Gainsborough has something of a reputation for producing bespoke fabrics for royalty. The Suffolk-based traditional weavers produced the now-iconic royal-blue silk that upholstered Charles and Diana’s wedding carriage. Since that first royal commission, its hand-loomed fabrics have become a leitmotif in stately circles. It made an off-white silk damask for Kate and William’s own wedding-day carriage, and its silk/cottons were also used extensively in the Goring Hotel’s royal suite (first picture), where Kate Middleton spent the eve of her wedding – most notably a pale-green damask weave previously found in the first-class dining room of the Titanic.
But despite the company’s royal connections and heritage-laden appearance (the 111-year-old company describes itself as a “Weavers & Dye House”) the firm of just 20 is a down-to-earth, incredibly dedicated modern specialist with a wide range of clients and over 10,000 commissions to date (from £120-£300 per metre, with a 15m minimum). Projects may have included the large-scale Gainsborough damask for The Ivy, an unusual one-off heavy-wool striped weave (second picture) for the curtains in Henry Moore’s renovated Hoglands House at Perry Green, and cotton and tweed fabrics for designers Paul Smith (third picture) and Louise Gray, but private individuals are equally welcome.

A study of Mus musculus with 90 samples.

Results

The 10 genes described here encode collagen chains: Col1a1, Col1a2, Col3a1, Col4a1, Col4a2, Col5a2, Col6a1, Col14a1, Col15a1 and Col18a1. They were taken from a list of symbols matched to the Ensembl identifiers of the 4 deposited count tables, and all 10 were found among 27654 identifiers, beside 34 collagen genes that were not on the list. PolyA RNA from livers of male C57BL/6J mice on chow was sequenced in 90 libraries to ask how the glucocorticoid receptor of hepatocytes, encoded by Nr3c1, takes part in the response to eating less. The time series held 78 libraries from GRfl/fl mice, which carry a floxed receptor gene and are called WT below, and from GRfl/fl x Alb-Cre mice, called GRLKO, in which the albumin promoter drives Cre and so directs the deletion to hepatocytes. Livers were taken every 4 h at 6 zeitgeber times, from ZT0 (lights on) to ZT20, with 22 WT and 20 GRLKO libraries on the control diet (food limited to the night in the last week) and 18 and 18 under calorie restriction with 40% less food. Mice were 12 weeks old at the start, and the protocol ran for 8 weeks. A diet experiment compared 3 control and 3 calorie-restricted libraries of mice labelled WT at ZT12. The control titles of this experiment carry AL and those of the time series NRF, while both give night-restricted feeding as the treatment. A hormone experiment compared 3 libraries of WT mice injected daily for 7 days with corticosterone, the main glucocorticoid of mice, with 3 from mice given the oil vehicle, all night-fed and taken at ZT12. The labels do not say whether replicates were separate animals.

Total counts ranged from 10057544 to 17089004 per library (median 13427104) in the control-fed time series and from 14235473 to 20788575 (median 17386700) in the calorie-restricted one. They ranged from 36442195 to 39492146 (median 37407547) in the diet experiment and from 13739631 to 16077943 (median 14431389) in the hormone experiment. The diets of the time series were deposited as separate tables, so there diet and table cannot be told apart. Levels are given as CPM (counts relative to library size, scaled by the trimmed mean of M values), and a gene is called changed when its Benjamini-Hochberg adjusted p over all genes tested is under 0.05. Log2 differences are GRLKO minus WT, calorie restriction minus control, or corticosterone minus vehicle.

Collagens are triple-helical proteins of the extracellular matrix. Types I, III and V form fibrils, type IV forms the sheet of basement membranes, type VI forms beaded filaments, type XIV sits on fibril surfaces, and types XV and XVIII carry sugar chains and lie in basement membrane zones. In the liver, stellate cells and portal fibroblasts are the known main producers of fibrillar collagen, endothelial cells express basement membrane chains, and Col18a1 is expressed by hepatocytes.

“We can weave a fabric for anyone,” says director Neil Thomas. “And we don’t just weave silk. We work with cotton, wool and linen and any combination thereof.”
The company also spins and dyes, and, where necessary, creates colours from scratch. Customers can find inspiration in its huge archive (about 70 per cent of requests are to recreate antique fabrics) – which includes the 10,000 sample hues available to commission – or can bring in colour samples to be matched (all new colours are kept on file). Jewel-coloured silk damasks (example in fourth picture) are a particular speciality – examples include a current commission of large-scale, flame-coloured orange and purple cotton/silk damask for a set of new bedrooms at The Hospital Club in London.
Once a pattern has been finalised, a CAD mock-up and small sample is created to test stitching, repeat patterns and colouring before the finished fabric is produced. Turnarounds are generally six to eight weeks.
“We fill that gap between an individual artisan weaver and large companies where orders start at 100 metres plus,” says Thomas, who encourages clients to come and see their fabrics being made. “There’s something quite romantic about seeing someone hand-weave your fabric on a loom.”